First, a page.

KANSAS CITY, Kan. — Kansas is on the verge of a mental health crisis for children and teens, according to Kansas City metro experts.
KVC Hospitals, 4300 Brenner Drive, is receiving more calls to its Children's Psychiatric Hospital about children in crisis than ever before.
With a 60% increase in calls, Annmarie Arensberg, director of clinical operations at KVC Hospitals, said it's never been more important for parents to have open and honest conversations, that are free from judgment, with their children.
"How are you feeling? How are you managing these things? What are the stressors that are causing you anxiety right now?" Arensberg said.
Over the past 10 years, Arensberg said, she has seen an alarming increase in mental health issues in children and teens. But this year, the numbers are far worse.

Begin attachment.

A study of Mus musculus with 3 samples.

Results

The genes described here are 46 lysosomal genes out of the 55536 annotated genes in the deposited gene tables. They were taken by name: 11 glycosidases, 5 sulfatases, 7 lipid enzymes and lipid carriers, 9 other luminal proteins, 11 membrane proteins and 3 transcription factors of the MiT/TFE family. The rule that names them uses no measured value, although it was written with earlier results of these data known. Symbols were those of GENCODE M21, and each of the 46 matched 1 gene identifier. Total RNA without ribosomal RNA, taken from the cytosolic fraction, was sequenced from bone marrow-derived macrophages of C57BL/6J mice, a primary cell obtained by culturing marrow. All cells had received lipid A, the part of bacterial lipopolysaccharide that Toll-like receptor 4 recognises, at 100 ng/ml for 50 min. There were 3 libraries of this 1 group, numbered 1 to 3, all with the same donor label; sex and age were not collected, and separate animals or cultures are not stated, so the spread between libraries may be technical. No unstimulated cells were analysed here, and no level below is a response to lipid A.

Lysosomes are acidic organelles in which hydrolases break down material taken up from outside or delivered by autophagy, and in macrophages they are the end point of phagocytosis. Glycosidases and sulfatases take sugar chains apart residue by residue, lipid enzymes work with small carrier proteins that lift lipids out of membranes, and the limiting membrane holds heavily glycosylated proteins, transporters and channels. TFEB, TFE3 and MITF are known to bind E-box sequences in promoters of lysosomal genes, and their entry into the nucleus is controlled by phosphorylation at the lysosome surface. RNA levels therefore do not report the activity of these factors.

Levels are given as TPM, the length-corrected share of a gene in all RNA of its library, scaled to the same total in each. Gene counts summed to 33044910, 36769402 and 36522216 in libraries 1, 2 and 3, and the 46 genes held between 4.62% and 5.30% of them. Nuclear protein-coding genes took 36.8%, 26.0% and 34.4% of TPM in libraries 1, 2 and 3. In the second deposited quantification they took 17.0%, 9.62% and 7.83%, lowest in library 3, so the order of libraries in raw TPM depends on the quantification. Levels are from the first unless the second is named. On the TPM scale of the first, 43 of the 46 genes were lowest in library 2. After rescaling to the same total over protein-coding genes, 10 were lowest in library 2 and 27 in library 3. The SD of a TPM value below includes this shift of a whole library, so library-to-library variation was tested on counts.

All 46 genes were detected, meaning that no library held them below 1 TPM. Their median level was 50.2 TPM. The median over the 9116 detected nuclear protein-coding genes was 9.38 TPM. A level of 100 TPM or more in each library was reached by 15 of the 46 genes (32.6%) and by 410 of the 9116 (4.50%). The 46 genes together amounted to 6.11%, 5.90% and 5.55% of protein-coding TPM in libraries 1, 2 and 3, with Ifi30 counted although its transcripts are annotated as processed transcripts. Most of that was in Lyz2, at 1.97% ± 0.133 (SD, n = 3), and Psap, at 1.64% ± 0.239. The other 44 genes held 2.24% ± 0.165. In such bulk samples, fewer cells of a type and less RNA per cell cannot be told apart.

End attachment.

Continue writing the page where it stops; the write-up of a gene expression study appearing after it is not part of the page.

"We’re seeing kids come in for greater attempts at suicide or more severe attempts," Arensberg said, "and that can be obviously really concerning because we know every life matters, every child matters, we want every child to feel heard to feel seeing it to feel connected."
Doctors at the University of Kansas Health System said the COVID-19 pandemic likely plays a large role.
"It's taken a toll to not be able to sort of get back to some of the normal routines," said Dr. Brad Nelson, a pediatrician with the health system. "So in addition to the health effects, they're also seeing the psychological effects of just not being able to be kids."
While hospitals like KVC specialize in helping children cope with mental health struggles, experts said the work really begins at home with open and honest conversations between parents and children.
KVC has a variety of resources for parents on its website, including a free mental health assessment for children and teens.